The scientific value of numerical measures of human feelings
Proceedings of the National Academy of Sciences of the United States of America
Caspar Kaiser and Andrew J. Oswald
Human feelings cannot be expressed on a numerical scale. There are no units of measurement for feelings. However, such data are extensively collected in the modern world—by governments, corporations, and international organizations. Why? Our study finds that a feelings integer (like my happiness is X out of 10) has more predictive power than a collection of socioeconomic influences. Moreover, there is a clear link between those feelings numbers and later get-me-out-of-here actions. Finally, the feelings-to-actions relationship appears replicable and not too far from linear. Remarkably, therefore, humans somehow manage to choose their numerical answers in a systematic way as though they sense within themselves—and can communicate—a reliable numerical scale for their feelings. How remains an unsolved puzzle.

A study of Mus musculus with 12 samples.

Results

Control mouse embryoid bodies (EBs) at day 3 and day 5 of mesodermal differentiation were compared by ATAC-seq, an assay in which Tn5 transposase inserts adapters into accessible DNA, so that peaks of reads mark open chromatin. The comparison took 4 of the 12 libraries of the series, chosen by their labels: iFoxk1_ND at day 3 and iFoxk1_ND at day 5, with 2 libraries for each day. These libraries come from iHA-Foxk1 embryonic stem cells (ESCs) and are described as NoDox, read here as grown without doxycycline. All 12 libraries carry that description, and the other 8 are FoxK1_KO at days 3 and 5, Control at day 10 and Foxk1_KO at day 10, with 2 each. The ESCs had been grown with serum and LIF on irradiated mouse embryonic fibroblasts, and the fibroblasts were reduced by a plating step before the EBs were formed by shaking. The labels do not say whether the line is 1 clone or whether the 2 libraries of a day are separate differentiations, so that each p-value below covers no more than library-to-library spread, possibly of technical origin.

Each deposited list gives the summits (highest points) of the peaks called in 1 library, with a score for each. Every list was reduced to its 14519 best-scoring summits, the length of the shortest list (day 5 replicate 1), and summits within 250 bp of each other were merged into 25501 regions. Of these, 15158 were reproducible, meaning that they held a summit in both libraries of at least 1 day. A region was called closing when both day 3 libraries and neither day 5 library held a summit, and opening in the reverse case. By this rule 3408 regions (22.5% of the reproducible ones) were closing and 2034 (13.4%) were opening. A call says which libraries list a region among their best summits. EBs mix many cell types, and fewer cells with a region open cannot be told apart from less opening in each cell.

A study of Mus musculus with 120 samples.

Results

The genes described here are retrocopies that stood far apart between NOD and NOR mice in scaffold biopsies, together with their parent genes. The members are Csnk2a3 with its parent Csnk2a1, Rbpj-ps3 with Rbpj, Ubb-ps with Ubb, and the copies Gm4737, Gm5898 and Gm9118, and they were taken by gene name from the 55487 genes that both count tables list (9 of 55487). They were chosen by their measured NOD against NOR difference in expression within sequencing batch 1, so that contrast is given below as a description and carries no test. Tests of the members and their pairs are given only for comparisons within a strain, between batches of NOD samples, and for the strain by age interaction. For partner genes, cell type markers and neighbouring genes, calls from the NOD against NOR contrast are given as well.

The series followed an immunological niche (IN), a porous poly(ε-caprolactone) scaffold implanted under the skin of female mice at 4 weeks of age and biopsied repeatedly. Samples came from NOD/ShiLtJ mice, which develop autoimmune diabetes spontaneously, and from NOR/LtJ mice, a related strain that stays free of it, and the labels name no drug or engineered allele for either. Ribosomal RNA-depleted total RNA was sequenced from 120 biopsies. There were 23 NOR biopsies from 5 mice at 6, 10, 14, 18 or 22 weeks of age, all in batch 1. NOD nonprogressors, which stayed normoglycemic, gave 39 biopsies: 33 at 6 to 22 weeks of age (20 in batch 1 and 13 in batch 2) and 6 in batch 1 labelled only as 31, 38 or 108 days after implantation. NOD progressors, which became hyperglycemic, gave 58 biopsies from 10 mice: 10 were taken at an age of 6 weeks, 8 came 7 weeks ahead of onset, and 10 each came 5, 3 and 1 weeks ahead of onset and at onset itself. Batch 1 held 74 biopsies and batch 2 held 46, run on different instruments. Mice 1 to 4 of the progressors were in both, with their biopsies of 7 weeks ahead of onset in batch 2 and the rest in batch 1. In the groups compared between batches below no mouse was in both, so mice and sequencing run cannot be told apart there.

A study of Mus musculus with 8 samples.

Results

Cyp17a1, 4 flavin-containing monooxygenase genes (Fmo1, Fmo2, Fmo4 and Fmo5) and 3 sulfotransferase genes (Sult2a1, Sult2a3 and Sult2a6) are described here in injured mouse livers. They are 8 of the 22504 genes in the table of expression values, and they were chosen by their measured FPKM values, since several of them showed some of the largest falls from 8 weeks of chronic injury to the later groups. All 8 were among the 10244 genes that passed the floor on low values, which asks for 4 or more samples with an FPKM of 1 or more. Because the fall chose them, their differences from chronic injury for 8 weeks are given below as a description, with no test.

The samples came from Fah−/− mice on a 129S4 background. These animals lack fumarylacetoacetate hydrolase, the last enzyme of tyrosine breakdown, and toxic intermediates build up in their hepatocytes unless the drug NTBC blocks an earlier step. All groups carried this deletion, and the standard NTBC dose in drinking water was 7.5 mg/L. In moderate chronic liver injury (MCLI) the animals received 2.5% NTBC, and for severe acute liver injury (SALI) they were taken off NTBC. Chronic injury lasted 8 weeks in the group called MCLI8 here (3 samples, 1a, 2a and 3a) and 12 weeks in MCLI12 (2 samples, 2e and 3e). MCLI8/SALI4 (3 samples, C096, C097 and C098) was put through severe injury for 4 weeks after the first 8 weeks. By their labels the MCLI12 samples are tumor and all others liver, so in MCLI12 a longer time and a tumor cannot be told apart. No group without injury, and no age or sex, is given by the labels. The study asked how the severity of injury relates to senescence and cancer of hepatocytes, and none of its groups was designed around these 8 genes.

Human feelings measured in integers (my happiness is an 8 out of 10, my pain 2 out of 6) have no objective scientific basis. They are “made-up” numbers on a scale that does not exist. Yet such data are extensively collected—despite criticism from, especially, economists—by governments and international organizations. We examine this paradox. We draw upon longitudinal information on the feelings and decisions of tens of thousands of randomly sampled citizens followed through time over four decades in three countries (n = 700,000 approximately). First, we show that a single feelings integer has greater predictive power than does a combined set of economic and social variables. Second, there is a clear inverse relationship between feelings integers and subsequent get-me-out-of-here actions (in the domain of neighborhoods, partners, jobs, and hospital visits). Third, this feelings-to-actions relationship takes a generic form, is consistently replicable, and is fairly close to linear in structure. Therefore, it seems that human beings can successfully operationalize an integer scale for feelings even though there is no true scale. How individuals are able to achieve this is not currently known. The implied scientific puzzle—an inherently cross-disciplinary one—demands attention.